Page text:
Top picks from English Wine Week | Alistair Gibson

This week is English Wine Week, a little later than usual this year because of the pandemic, but its purpose is still to highlight the amazing success story that English producers have enjoyed in the past few years.

Thursday, 25th June 2020, 4:30 pm
Updated Friday, 26th June 2020, 1:26 pm
Enjoy some of these fine wines during English Wine Week. Picture: Cathal McNaughton/PA Wire

Despite the past few months having been difficult for many producers, there is still a huge amount of optimism for the future.

Nyetimber, one of the most well known and respected producers of English sparkling wine, has recently planted a further 195,000 vines on a 42-acre vineyard in Kent. It currently produces about one million bottles a year and the owner, Eric Heerema, expects this to increase to two million by 2030 . He also believes there will be more investment here from Champagne houses, following on from the purchase of vineyard land already by two producers. It would seem that this is the start of a truly golden age for English wine.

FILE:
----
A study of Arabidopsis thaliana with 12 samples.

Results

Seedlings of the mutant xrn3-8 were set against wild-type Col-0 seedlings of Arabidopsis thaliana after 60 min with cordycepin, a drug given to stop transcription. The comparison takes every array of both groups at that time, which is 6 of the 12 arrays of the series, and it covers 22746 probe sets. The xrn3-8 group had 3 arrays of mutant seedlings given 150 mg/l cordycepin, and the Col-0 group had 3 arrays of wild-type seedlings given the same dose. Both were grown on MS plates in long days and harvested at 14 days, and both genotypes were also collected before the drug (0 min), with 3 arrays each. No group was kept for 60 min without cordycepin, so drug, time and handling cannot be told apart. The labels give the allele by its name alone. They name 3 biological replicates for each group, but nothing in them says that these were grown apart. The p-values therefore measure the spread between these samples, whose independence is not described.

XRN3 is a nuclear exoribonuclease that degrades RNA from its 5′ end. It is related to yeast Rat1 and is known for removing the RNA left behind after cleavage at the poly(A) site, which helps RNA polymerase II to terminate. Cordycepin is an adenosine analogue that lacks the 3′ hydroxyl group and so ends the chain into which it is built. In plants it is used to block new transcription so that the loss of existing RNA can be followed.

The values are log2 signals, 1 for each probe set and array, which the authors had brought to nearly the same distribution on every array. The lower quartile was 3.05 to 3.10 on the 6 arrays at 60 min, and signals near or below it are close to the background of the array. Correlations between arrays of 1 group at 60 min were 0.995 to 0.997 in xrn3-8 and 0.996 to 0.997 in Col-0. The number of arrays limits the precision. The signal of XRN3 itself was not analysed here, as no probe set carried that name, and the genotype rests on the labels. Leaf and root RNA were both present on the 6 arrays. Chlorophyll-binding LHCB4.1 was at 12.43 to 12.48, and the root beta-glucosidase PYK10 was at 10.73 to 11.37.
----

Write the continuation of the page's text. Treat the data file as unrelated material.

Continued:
Pommery was the first Champagne house to release an English sparkling wine back in 2018 using Hattingley Valley estate’s facilities and this autumn will see it harvest from its own 40-hectare vineyard in Hampshire for the first time. Louis Pommery England Brut NV (Majestic £39.99 or £34.99 as part of a mixed six, Ocado £39.99) is a blend of pinot noir and chardonnay, the nose shows green apple, citrus, stone fruits and some chalky notes, followed by a very fresh, crisp palate with more apple and citrus and a little honey on the background. This is very fine indeed.


As this has developed there is more than a note of brioche along with lemon, pear and apple on the bouquet, followed by a really elegant palate with well-balanced acidity and a long, satisfying finish.

It was mentioned to me last week when I opened a bottle of Lyme Bay Chardonnay 2018, Devon (lymebaywinery.co.uk £22.49) that ‘Devon isn’t well known for its chardonnay’, which judging by the quality of this wine is a sentence I won’t be hearing much more in the future. There is no question that this is one of the finest English still wines I have tasted so far. The future, it would seem, is very bright.